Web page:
Pierce County remained deep ruby red Republican in Tuesday’s general election from the local races to the race for the White House, but Georgia turned a little more blue with two separate run-offs slated for federal and state positions.
In the only local race on the ballot, Republican First district county commissioner Harold Rozier Jr. easily defeated Democrat and local contractor Tyrone Harris 1,786 to 553 to win a third term in office. Harris was the first Democrat to run for local public office since 2010, but the result ended the same. Former second district Commissioner and former Sheriff Noah Strickland was the last Democrat elected in Pierce County in 2002.
Incumbent Republican President Donald Trump trounced Democratic former vice president Joe Biden 7,899 to 1,099. Libertarian Jo Jorgensen received 49 votes. The president received 87 percent of the vote locally, one percentage point better than he received in 2016.
Biden was declared the winner of the presidency after a long, hard-fought counting process that lasted until Saturday morning.
Georgia remained too close to call at press time with Biden leading Trump by around 10,000 votes out of the almost 5 million votes cast in the state. If the lead holds, it will be the first time Georgia has gone Democratic for the first time since 1992.
Both U.S. Senate seats are headed toward a January 5, 2021 run-off election. The races will likely determine which party controls the Senate in the next Congress.
Pierce County voters overwhelmingly supported incumbent Republican Senator David Perdue 7,810 to Democrat Jon Ossoff’s 1,002 and Libertarian Shane Hazel’s 128. Perdue was two tenths of a percent shy of 50 percent plus one, meaning he and Ossoff will now advance to a January run-off. Hazel drew about 1.2 percent of the vote statewide, depriving Perdue of a majority.
In the jungle election for U.S. Senate, U.S. Representative Doug Collins received 4,034 votes in Pierce County compared to incumbent Republican Senator Kelly Loeffler’s 2,821. Loeffler, appointed by Governor Brian Kemp, and Collins battled for the conservative vote in South Georgia. Democrat Rev. Raphael Warnock was a distant third locally with 478 votes, but led the race statewide with 33 percent of the vote. Loeffler was second with 26 percent to claim the second run-off spot. Collins conceded the race to Loeffler late Tuesday night as statewide results showed him in third place with 20 percent. Loeffler and Warnock will face off in the run-off election in January, 2021, as both were well short of the 50 percent plus one majority. More than 20 candidates were running for the opportunity to fill the unexpired term of former Republican Senator Johnny Isakson, who retired for health reasons last year.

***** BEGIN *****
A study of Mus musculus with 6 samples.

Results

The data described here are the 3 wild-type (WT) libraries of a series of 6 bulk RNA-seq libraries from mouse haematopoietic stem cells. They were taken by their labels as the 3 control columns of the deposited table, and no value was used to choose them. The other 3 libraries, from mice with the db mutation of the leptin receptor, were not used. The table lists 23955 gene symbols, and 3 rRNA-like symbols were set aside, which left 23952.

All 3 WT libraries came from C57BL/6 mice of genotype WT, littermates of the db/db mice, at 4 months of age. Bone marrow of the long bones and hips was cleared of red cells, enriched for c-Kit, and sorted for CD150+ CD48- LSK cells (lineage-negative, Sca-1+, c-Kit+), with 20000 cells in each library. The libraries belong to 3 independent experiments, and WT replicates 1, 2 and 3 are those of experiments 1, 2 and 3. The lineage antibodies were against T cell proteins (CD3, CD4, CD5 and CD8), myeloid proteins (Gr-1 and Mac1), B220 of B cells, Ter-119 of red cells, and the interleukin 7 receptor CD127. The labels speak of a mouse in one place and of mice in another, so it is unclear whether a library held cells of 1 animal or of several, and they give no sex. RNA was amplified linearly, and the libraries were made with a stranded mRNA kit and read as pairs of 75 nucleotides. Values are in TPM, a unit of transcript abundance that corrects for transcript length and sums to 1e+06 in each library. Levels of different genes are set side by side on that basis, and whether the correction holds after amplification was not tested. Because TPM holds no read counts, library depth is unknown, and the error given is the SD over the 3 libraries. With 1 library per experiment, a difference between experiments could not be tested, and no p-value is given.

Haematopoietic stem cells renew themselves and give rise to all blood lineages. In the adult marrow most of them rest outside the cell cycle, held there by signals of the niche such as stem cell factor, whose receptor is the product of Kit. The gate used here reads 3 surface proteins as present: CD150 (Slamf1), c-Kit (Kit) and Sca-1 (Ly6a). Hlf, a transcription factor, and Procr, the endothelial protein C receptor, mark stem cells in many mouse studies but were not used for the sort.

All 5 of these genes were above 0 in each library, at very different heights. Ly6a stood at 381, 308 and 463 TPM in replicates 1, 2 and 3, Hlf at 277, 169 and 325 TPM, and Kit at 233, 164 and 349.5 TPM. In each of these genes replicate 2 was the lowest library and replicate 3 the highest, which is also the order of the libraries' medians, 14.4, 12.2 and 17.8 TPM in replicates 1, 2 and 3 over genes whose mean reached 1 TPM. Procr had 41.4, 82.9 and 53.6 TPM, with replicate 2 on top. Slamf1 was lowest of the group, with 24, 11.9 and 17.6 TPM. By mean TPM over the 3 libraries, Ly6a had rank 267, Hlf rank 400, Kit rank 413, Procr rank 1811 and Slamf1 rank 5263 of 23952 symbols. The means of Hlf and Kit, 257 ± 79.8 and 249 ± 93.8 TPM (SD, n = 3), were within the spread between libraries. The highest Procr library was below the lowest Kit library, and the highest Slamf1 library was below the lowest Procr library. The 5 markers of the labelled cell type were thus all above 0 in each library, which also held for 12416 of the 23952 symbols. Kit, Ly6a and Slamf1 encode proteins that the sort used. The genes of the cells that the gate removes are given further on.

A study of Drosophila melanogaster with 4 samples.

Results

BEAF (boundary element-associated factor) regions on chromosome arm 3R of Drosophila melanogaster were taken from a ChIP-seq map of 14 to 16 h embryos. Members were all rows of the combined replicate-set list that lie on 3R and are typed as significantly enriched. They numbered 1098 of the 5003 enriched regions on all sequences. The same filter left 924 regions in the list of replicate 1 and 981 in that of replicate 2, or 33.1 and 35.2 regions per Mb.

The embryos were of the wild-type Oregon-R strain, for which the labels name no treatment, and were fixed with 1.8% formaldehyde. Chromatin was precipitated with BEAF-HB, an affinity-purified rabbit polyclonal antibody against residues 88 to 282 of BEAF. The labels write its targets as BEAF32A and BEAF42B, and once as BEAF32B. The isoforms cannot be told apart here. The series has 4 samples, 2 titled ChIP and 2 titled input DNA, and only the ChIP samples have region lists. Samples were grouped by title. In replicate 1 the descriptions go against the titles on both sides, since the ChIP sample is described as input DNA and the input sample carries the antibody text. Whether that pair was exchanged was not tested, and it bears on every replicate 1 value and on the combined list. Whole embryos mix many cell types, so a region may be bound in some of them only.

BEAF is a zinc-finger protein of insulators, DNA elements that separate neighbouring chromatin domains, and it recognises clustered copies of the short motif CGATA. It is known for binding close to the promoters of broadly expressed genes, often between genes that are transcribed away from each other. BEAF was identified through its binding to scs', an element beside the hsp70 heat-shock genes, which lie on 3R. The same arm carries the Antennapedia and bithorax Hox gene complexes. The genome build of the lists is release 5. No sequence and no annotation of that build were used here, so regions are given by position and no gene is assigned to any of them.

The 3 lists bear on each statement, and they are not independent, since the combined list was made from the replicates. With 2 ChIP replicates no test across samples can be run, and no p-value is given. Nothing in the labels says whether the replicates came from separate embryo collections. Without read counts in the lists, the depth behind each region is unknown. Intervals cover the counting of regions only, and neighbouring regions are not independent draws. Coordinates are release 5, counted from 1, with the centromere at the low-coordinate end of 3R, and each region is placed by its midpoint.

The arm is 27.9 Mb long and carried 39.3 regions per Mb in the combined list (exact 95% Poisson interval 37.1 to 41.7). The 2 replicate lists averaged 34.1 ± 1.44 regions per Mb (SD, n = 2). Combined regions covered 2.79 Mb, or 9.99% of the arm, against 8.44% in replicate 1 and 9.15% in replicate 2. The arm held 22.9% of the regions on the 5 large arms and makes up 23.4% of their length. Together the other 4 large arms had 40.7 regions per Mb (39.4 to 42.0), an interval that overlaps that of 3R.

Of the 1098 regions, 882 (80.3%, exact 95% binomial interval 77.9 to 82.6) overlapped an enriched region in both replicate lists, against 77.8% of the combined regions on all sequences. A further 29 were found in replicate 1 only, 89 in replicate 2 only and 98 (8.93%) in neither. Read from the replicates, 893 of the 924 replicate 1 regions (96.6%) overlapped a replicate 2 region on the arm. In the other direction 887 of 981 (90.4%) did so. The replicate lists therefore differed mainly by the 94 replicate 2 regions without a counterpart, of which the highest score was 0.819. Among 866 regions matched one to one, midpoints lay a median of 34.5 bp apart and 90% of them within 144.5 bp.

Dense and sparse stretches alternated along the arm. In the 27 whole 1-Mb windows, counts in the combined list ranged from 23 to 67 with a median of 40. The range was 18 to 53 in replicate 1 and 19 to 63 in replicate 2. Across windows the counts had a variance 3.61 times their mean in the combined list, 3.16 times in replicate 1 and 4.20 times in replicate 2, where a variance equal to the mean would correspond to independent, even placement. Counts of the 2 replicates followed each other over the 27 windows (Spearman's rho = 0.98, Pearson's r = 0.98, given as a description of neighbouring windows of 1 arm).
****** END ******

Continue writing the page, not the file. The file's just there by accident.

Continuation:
In state races, both Public Service Commission (PSC) seats teetered at the edge of requiring a run off.
In the district four seat, incumbent Republican Lauren “Bubba” McDonald Jr. was just shy of the 50 percent threshold to avoid a run-off with Democrat Daniel Blackman. Libertarian candidate Nathan Wilson received three percent of the vote statewide depriving McDonald of an outright win.
Locally, McDonald received 7,524 to Blackman’s 968 and Wilson’s 165.
In the district one PSC seat, incumbent Republican Jason Shaw was winning over 50 percent of the vote by a hair, just 19 hundredths of a percent. Democrat Robert G. Bryant had 46 percent and Libertarian Elizabeth Melton had almost four percent.
In a quirky development, Georgia’s statewide run-off election would be Tuesday, December 1, and would be separate from the Senate run-off election, which is a federal election.
Incumbent U.S. Representative Buddy Carter (R-Pooler) received 88 percent of the vote in Pierce County and won district-wide with 58 percent of the vote in the district over Democrat Joyce Marie Griggs. Carter will be sworn in for a fourth two-year term in January.
Voters in Pierce County and statewide overwhelmingly approved two constitutional amendments and one statute on this year’s statewide ballot.
A constitutional change requiring that state fees and taxes collected for a specific purpose are spent as intended passed with 79.7 percent of the vote in Pierce and 81.6 percent statewide.
The second constitutional amendment prohibiting the state and local governments from using the legal doctrine of “sovereign immunity” to avoid citizen lawsuits won approval from 69.1 percent in Pierce and 74.3 percent statewide.
Georgia voters also authorized a tax exemption for property owned by charitable organizations for the purpose of building or repairing single-family homes. House Bill 344 was approved by almost 71 percent of Pierce County voters and passed statewide with 73 percent of the vote.
Voter turnout in Pierce County was a robust 71.32 percent, with most of the 9,070 voters choosing to vote early (6,421) or by mail (1,302). Only 1,347 voters showed up to vote in person on Election Day, likely due to concerns over COVID-19 (coronavirus) pandemic. While the turnout was large, it was shy of the all-time record of 79.25 percent set in the last presidential election in November 2016.
Dave Williams of the Capitol Beat News Service contributed to this report.